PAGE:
The EU places great importance on cyber resilience and capacity building. Internally, the Union has built a robust legal acquis in relation to the resilience of critical infrastructures, the cornerstone of which rests upon the 2016 Network and Information Security (NIS) Directive and the 2013 and 2019 Cybersecurity Acts. This legal meshwork seeks to integrate cybersecurity into all elements of the supply chain and introduce soft law mechanisms like the EU cybersecurity certification scheme. In doing so, it harmonises national cybersecurity capabilities, cross-border collaboration and the supervision of critical sectors across the EU.
In the coming months, the Commission intends to add upon the existing cyber-acquis by introducing an array of new initiatives, such as the updated NIS Directive (the so-called NIS2), a proposal on a Critical Entities Resilience (CER) Directive, and a plan to launch a network of Security Operations Centres across the Union. The aim is to create a Union-wide ‘cybersecurity shield’ that will facilitate the detection of cyberattacks and provide an impetus for proactive action.
This internal buildup of capabilities is supplemented by the development of a specialised ‘cyber diplomacy toolbox’ that allows the Union and its Member States to address cyber incidents through various joint policies, from cooperation and stabilisation measures to restrictive measures and attribution.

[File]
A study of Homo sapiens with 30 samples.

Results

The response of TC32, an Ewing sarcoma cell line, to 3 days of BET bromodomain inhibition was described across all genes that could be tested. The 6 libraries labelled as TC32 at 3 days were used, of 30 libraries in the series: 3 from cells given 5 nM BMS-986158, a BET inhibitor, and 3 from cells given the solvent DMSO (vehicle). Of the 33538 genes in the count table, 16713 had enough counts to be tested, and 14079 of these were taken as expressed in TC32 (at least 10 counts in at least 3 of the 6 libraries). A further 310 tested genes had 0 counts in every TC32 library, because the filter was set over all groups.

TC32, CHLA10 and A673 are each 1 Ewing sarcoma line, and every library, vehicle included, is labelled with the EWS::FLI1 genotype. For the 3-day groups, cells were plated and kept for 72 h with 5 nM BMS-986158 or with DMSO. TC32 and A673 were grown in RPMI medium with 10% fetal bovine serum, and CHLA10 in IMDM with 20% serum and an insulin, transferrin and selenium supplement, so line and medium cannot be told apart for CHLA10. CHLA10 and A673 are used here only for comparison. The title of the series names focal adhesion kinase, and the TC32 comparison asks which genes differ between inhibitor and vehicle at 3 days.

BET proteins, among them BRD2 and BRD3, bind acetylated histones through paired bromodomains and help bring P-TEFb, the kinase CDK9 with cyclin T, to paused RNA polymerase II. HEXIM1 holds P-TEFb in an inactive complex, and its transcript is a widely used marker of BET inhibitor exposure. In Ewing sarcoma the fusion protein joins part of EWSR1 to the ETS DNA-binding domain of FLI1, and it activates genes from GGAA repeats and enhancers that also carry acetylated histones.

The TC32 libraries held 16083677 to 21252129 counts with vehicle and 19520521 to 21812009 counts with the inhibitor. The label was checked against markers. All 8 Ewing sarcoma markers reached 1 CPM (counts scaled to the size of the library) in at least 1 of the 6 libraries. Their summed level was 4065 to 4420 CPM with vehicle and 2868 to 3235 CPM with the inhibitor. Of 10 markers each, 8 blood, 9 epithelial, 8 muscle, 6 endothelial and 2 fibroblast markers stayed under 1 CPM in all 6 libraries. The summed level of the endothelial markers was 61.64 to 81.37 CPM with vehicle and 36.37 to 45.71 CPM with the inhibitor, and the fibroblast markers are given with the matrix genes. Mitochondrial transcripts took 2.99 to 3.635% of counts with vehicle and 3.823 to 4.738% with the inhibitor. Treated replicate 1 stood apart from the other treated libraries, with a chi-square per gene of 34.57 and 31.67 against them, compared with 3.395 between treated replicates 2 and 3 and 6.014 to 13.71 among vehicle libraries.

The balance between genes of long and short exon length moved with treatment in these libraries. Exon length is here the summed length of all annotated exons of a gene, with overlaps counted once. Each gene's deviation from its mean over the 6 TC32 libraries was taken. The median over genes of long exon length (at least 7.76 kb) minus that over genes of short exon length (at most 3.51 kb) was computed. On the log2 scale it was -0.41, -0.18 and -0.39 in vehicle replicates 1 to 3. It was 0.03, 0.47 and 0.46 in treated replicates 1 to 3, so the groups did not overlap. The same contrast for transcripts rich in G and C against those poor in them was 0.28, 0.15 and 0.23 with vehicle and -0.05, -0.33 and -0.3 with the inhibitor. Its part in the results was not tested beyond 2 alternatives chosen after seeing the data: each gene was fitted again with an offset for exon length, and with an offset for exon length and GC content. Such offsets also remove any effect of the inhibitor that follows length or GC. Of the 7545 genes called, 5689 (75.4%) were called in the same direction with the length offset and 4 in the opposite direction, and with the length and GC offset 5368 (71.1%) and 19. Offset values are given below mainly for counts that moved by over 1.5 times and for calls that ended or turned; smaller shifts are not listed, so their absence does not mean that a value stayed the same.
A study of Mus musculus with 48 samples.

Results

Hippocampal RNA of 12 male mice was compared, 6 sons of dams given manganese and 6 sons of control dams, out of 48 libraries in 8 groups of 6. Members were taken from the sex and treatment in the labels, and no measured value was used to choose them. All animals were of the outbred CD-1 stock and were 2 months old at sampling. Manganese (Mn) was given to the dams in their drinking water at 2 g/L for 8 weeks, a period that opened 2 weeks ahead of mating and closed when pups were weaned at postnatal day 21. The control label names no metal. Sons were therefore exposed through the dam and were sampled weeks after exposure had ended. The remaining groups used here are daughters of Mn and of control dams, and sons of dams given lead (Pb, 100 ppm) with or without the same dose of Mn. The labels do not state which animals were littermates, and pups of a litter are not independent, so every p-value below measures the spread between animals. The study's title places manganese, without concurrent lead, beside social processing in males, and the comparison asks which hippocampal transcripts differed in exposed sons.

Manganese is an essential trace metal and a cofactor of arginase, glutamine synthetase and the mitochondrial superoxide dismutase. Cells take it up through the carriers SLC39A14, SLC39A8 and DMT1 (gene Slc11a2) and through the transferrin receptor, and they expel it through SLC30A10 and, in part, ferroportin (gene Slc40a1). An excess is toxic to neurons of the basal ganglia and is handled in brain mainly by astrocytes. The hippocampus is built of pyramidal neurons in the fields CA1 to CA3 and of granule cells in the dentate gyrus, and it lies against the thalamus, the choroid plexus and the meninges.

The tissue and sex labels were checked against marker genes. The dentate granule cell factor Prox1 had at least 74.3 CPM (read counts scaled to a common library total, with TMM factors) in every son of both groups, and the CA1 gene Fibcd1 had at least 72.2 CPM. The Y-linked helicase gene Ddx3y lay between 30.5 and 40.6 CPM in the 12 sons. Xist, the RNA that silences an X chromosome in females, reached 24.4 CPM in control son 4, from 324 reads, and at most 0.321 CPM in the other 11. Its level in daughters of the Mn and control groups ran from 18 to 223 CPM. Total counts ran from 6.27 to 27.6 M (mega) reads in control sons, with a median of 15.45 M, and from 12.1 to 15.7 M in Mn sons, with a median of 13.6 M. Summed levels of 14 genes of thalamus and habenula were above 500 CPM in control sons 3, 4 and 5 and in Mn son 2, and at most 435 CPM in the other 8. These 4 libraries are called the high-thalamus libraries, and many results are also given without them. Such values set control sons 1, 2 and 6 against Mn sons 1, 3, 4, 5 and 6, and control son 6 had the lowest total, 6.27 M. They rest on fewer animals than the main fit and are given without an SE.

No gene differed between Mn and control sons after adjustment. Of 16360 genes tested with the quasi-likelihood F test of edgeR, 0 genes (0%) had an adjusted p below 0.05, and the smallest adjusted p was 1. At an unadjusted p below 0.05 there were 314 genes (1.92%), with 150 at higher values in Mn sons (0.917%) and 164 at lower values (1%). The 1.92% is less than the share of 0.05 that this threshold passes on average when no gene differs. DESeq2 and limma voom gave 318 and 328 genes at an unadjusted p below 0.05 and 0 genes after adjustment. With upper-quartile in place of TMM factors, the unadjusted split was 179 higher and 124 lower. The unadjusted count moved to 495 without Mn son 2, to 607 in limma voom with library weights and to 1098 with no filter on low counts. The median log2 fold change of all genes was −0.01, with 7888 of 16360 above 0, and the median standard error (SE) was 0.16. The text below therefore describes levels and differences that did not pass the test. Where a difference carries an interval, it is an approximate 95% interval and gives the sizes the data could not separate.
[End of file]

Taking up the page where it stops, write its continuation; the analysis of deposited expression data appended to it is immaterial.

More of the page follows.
In matters related to cyber resilience, India has proven to be an active proponent of bilateralism. It has initiated cyber dialogues with actors like the US, the UK, Russia, Malaysia, the EU, and ASEAN, all of which include capacity-building elements. Internationally, the country has also been especially vocal on the need to establish cooperative mechanisms for developing and implementing bilateral, regional, and global confidence-building measures (CBMs).
In the context of multilateral fora, India has many a time reiterated that the issue of supply chain protection enjoys particular significance for them, especially in relation to ‘trust and trusted sources’
when it comes to preferring suppliers of ICT products and systems. It has also noted
that capacity building actually goes beyond what is being dealt with under international security and is inherently tied to discussions on international legal instruments on cyberspace, where all states are equal and have the capacity to discuss legitimate matters under the auspices of the UN.